Use this page to find out more about our hedge maintenance policy, our cutting schedules and how our policy benefits wildlife and biodiversity.
Our hedge and shrub cutting frequencies
We cut most of our hedges and shrubs once a year between November and February. However, where possible, we have reduced the cutting frequency to once every 2 or 3 years to protect wildlife habitats and biodiversity.
You can find out how often a hedge or shrub is scheduled to be cut by viewing our grounds maintenance maps. Please note these schedules may be affected by weather conditions.
Report an obstruction
To report overhanging vegetation that is obstructing a highway, please visit FixMyStreet.
Tackling the climate and ecological emergency
Hedges and shrubs help to tackle the climate and ecological emergency. However many of the UK’s hedgerows have been lost or are poorly managed.
Benefits to wildlife
Hedges and shrubs produce blossom, berries and dense vegetation which is good for wildlife as this provides food and shelter for insects, birds, mammals, reptiles and amphibians. They also provide flowers for pollinators.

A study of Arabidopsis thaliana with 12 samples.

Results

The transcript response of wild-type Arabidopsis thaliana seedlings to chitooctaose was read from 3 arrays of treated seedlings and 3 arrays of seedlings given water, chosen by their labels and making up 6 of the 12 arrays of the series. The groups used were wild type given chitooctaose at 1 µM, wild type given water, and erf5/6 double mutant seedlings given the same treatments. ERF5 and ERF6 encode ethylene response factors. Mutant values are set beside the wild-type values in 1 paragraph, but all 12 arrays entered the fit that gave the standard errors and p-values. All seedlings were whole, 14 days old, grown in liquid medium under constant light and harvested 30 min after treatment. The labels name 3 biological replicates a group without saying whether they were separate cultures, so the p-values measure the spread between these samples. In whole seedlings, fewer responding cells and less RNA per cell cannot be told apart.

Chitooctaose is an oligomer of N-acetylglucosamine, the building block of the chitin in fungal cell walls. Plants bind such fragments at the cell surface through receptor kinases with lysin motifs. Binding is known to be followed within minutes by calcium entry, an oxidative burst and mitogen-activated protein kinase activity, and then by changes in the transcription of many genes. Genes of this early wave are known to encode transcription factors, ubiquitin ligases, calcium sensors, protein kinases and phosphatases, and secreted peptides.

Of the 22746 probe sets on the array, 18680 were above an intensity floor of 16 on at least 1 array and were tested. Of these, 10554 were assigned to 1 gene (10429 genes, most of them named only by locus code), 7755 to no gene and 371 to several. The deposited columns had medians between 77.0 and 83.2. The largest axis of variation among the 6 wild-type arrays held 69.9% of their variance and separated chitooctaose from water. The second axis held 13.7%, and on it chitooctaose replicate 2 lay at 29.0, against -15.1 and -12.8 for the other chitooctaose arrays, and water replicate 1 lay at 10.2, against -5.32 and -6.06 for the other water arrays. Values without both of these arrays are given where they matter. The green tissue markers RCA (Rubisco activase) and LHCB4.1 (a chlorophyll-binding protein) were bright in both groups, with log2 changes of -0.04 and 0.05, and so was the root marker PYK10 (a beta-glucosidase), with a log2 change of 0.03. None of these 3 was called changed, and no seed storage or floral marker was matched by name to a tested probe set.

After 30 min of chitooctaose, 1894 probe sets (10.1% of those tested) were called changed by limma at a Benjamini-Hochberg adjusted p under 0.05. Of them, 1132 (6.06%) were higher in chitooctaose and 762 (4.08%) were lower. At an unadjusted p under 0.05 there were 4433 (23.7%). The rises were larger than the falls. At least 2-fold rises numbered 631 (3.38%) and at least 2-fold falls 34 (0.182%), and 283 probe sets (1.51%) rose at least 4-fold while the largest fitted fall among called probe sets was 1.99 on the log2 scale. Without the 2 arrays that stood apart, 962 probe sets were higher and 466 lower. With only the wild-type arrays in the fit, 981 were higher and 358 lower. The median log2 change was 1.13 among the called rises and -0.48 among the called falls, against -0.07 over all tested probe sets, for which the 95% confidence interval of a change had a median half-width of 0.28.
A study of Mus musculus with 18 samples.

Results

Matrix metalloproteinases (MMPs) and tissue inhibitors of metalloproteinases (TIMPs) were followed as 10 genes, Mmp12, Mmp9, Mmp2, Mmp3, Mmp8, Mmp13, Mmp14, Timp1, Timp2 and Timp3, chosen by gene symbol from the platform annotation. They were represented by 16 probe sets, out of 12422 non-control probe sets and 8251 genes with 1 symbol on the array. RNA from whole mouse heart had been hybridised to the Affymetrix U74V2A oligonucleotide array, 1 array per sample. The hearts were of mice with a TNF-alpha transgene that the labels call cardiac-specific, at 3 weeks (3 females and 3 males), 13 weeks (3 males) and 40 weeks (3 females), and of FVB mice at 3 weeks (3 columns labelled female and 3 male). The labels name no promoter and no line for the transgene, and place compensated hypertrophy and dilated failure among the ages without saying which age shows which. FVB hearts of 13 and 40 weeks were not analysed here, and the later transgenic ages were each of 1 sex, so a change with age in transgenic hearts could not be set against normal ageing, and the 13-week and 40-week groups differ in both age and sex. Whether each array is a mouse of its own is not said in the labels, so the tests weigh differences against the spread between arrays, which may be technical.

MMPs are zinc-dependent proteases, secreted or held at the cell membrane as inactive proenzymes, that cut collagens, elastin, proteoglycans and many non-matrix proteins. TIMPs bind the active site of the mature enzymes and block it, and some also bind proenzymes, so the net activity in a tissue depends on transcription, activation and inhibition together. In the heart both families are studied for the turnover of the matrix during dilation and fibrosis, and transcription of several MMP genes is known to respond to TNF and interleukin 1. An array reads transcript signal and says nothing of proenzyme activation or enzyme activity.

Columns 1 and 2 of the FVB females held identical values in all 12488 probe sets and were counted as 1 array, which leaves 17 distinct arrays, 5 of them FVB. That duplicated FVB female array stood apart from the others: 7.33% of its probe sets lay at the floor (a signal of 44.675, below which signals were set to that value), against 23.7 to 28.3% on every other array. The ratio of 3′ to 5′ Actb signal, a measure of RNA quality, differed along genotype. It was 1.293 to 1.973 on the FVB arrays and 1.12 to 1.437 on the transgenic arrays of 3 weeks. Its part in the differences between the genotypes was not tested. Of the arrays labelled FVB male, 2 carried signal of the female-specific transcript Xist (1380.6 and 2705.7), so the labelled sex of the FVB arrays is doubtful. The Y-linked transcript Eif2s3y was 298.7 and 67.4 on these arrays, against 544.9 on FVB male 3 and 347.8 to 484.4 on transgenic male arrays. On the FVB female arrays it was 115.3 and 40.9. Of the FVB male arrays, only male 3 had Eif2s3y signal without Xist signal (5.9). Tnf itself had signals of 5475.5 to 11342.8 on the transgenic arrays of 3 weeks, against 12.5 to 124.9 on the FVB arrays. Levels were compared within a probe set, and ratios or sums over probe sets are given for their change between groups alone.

Bramble and ivy can often develop. These plants are very important for wildlife and can help to improve the wildlife value of hedges and shrubs.
Hedges act as green highways that wildlife can use to travel through our busy urban areas, and they provide living boundaries between gardens that wildlife can easily pass through.
Benefits to the environment
Hedges and shrubs improve air quality and can reduce noise pollution. They slow down and absorb the flow of rainwater which can reduce the risk of flooding, and they help to cool down our urban areas during heat waves. Storms and heat waves are likely to become more frequent and severe due to climate change.
Cutting hedges and shrubs less often
Cutting hedges and shrubs less often gives plants a chance to flower and produce berries, and also provides more shelter for wildlife. It also reduces air and noise pollution from hedge cutting equipment and reduces the amount of fuel that is burned. It is best to cut them once every 3 to 5 years as this produces significantly more blossom and berries.
Large areas of hedges and shrubs may benefit from being cut in stages so that there is always plenty of shelter left for wildlife.
Cutting hedges and shrubs at the right time
It is best to cut hedges and shrubs in late Autumn or Winter after they have flowered and produced berries. This also reduces the likelihood of disturbing the site of a nesting bird.
Bird nesting season is from 1 March to 31 August. Under the Wildlife and Countryside Act 1981, it is illegal to disturb the site of a nesting bird.
How you can get involved
If you maintain a hedge or shrubs, you can follow the guidance above to help support our wildlife and create greener, cleaner and more peaceful places to live.
For more information on actions you can take to help wildlife, please visit the Wildlife Trusts website.